SeaLink proudly connects to Country with first Knowledge Water contract

[by Diane Falzon]


Image: supplied

The small homeland community of Mandjawuy in East Arnhem Land at the top of the Northern Territory, home to the Yolngu people, is keeping traditional culture alive and taking control of their future by producing Knowledge Water, through the establishment of the Arnhem Beverage Company.


SeaLink Travel Group is proud to sign Arnhem Beverage Company’s first contract for Knowledge Water, purchasing the very first pallet and helping to support local jobs and education, so the community can remain independent.


Knowledge Water will be available for purchase on SeaLink’s Northern Territory ferry services to Mandorah and the Tiwi Islands, and Group CEO Clint Feuerherdt said that Knowledge Water would also be provided to guests on SeaLink’s Tiwi Islands tours.


“SeaLink’s Reconciliation Action Plan (RAP) provides a pathway to advance reconciliation, but we passionately believe it is the actions we take to connect authentically that make a lasting impact, and demonstrate our commitment to the communities we service,” he said.


Arnhem Beverage Company CEO, Rod Baker, said proceeds from sales would help fund the Mandjawuy Homeland school, train local Yolngu teachers and create local jobs.


“Funding for remote education is always a challenge and the future of our school is uncertain. Our school is bicultural which means our kids are taught English in the context of our traditional knowledge. It keeps our culture and our identity alive. We also need jobs on our homeland, so we can be strong and independent."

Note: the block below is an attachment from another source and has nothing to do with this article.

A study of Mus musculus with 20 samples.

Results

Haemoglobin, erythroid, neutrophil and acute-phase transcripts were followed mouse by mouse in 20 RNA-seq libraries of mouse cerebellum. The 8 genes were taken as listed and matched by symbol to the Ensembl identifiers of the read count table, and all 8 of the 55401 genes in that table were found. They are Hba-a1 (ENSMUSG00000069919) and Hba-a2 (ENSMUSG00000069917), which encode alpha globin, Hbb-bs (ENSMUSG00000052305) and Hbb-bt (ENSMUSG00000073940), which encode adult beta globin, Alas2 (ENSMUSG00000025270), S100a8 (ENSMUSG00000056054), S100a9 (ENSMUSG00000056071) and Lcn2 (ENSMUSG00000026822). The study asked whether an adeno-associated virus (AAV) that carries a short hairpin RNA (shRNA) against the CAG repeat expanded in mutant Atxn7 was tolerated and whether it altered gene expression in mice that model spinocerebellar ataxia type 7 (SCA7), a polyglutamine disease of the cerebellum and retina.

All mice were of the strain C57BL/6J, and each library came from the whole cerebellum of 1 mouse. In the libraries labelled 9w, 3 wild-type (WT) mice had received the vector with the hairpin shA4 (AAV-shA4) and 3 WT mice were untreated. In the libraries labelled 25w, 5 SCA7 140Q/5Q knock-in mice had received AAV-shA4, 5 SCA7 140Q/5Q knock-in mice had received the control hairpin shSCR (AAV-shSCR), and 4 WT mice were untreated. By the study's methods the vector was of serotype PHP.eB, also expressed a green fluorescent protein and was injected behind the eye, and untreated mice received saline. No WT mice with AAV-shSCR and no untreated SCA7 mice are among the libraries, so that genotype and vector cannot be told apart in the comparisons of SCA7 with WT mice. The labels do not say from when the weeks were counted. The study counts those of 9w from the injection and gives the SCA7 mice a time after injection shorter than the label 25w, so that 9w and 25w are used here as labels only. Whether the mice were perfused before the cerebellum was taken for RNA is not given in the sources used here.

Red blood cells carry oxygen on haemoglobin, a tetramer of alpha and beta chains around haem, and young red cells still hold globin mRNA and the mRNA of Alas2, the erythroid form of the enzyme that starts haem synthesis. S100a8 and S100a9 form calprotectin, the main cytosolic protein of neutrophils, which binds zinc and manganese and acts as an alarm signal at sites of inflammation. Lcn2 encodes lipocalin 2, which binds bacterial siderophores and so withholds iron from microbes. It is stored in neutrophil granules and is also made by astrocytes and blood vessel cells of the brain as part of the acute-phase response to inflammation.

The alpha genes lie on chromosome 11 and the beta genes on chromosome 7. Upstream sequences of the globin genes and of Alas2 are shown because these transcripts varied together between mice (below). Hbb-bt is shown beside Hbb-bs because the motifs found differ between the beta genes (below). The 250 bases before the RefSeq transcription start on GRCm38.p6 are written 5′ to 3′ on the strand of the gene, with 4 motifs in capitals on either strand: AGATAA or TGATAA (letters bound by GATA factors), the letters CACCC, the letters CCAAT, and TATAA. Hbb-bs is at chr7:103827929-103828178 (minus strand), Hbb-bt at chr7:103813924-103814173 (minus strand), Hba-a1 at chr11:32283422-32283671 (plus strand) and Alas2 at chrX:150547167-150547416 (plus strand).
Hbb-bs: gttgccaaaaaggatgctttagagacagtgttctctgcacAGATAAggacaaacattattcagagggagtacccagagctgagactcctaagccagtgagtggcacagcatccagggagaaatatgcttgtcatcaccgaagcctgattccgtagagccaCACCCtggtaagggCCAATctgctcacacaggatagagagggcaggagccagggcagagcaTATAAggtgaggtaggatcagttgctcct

Mandjawuy community leader and board member, Rurruwiliny Ngurruwutthun said “We want to keep our culture alive here in Mandjawuy. And we want to take control of our own future. That is why we decided to build this Knowledge Water business,” she said.


Mr Feuerherdt added “We have a responsibility to carry passengers safely to and from the mainland, and across towns and cities, but we also have a responsibility to protect, nurture and respectfully support the communities we operate in.


“Purchasing Knowledge Water is a simple step for us, but it’s a move that has a significant and positive impact on the local community and we are proud to be part of that.”


SeaLink Northern Territory General Manager, Angela Piper said “SeaLink actively seeks ways to support local Aboriginal-owned businesses and we are proud that we have increased our expenditure in this area year on year in the Northern Territory, mainly on the Tiwi Islands and Groote Eylandt through our tourism and transport operations.


“Every year, we carry large numbers of tourists who are interested in Aboriginal culture and increasingly seeking to engage and participate in reconciliation. Stocking Knowledge Water is a small way for SeaLink and our customers to make a difference for the children in Mandjawuy,” she said.